The most Christmassy place I’ve ever been. Thats the summarised version basically. The quaintest most surreal theme park and gardens that I’ve ever experienced are just ten times more of that at Christmas time. I knew it would be, but Christmas at Tivoli was every bit as festive as I hoped.
I got a glimpse of how cute it would be at Halloween, when it was starting to get really cold and the glog was on offer, but throw in a lot of Christmas trees and a light dusting of fake snow and you’ve got a real winter wonderland.
It was beginning to get dark as we arrived, so the twinkly lights made for a gorgeous setting as you wander through the gardens. It didn’t exactly allow for the best photos so bare with me! This post is basically so I can share the ones I did get – if you want the more practical info on Tivoli including prices etc, then the first post I ever wrote on it has all that info – summer at Tivoli.
As you enter the park, under the Christmas garlands and twinkly lights, one of the first things you’ll come across is the Tivoli hotel, which had the biggest tree of all right outside, covered in Swarovski crystals.
From here the park branches off into a number of different directions. On one side the sounds of music playing and Christmas songs were coming over the gardens from the stage where they hold Christmas shows, pantomimes and entertainment, and from the other direction the unmistakeable sounds of rollercoasters and fairground rides.
Straight ahead takes you through the gardens themselves, and around the lake which is the course we took. My preference is always just to wander the gardens, through the little houses and stalls done out like a Danish village.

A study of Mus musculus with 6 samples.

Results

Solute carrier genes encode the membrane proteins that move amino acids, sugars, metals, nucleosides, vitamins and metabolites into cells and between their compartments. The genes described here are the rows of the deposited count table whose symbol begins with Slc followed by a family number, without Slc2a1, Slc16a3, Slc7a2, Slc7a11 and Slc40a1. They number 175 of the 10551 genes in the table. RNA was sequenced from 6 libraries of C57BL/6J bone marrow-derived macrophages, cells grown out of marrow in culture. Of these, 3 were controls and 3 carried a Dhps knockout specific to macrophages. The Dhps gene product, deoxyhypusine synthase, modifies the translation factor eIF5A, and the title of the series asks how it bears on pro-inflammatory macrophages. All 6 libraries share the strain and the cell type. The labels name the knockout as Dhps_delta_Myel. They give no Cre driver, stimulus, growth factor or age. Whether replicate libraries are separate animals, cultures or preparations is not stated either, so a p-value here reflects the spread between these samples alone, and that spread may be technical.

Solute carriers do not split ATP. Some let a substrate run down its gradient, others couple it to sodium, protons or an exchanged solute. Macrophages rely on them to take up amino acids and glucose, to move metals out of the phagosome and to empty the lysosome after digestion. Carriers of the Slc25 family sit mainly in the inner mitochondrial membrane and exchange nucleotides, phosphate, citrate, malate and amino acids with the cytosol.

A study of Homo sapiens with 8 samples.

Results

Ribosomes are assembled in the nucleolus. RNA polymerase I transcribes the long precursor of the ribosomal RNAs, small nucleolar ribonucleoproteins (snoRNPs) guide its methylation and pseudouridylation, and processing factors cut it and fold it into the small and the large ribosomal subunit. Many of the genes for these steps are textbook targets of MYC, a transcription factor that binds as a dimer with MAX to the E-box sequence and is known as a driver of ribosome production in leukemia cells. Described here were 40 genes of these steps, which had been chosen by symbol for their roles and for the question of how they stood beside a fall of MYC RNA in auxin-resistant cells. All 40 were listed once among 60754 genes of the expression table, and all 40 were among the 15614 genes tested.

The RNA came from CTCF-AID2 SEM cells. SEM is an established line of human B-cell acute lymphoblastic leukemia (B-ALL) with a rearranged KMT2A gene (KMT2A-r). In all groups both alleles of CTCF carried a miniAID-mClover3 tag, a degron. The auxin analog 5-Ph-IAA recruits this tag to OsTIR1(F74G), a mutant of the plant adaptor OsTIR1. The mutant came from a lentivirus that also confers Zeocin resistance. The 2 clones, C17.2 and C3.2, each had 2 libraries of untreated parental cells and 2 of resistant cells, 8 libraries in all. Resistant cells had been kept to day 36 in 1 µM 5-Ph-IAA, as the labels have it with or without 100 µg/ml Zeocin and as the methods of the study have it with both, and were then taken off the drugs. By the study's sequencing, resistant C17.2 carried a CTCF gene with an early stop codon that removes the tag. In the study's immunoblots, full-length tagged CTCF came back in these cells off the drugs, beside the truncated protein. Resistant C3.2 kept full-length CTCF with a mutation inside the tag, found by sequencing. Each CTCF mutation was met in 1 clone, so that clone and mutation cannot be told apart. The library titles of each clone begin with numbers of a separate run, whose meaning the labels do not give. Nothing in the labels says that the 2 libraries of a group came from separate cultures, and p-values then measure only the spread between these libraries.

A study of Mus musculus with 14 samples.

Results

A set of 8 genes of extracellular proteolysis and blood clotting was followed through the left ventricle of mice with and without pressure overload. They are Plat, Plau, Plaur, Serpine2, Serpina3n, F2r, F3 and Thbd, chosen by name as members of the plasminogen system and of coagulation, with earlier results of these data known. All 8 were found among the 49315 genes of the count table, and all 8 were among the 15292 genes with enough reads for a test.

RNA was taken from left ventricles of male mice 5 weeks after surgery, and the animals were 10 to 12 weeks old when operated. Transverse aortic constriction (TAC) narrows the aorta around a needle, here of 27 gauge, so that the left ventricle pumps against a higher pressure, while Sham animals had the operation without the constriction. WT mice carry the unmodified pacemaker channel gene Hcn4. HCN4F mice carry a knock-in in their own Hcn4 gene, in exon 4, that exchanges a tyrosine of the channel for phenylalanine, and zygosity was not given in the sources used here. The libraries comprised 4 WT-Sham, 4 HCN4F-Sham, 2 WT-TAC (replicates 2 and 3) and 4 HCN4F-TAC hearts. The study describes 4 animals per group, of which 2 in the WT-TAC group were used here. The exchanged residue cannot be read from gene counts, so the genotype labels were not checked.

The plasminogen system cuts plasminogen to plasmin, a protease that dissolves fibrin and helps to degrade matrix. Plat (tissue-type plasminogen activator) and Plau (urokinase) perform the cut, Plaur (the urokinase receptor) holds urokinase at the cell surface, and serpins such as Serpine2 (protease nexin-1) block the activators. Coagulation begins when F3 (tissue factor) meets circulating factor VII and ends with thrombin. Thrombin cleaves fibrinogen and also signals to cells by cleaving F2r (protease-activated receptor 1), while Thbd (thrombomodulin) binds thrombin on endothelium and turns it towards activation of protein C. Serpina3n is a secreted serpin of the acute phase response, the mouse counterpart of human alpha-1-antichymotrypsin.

If you’re not one for thrill rides, grab a glogg, an Irish coffee or a hot chocolate and do the same.
The Danish concept of hygge has really increased in trend the last few years, roughly translating to the ‘feeling of cosiness’, and I have to say it absolutely was exactly that.
I think a lot of people think the whole ‘hygge’ thing is just to do with interior decorating in that Scandinavian style, but it goes far beyond that and it’s unmistakable pretty much everywhere in Copenhagen at Christmas time. Especially Tivoli.
The tiny white huts selling Christmas decorations and souvenirs are my absolute favourite. They’re far from tacky, gorgeous ceramic tea light holders, personalised stockings, nutcrackers and lanterns fill the shops, as well as s wreaths, woolly knitwear and the occasional snow globe – ok so a bit tacky.
Of course there are multiple photo opportunities for families, friends or couples throughout the park – including Santa’s sleighs, and even a kissing bench under the mistletoe.
As we came around the lake, we stopped for a drink at one of the little bars, toasty warm with the fires burning and a view over the water. More glogg which we were taught is different to mulled wine due to the almonds served in it, Christmas beer which was a bit strange at first but surprisingly nice, and some incredible dough balls with jam and icing sugar.
The smell of Christmas just hangs in the air, either from roasted chestnuts, mulled wine, cinnamon or a mix of all of them. Usually at Christmas markets you’re pushed and shoved about and despite every attempt to make the experience enjoyable, it’s often not, and this is where Tivoli just works.
Essentially it’s got everything a Christmas market has, but with a lot more thrown in and spread over a much bigger, carefully curated and landscaped place. You can actually enjoy it without being herded along by the masses, and it’s for adults and children alike.
It’s impossible not to get overcome with Christmas spirit here, I just wish I’d been able to see it in the daytime as well as the dark.
Outside of Tivoli the Christmas market at Nyhavn is another good spot to visit, with little chalets lining the canal, the decorations overhead and all the bars have fires and blankets to keep you warm. Hygge at it’s most authentic.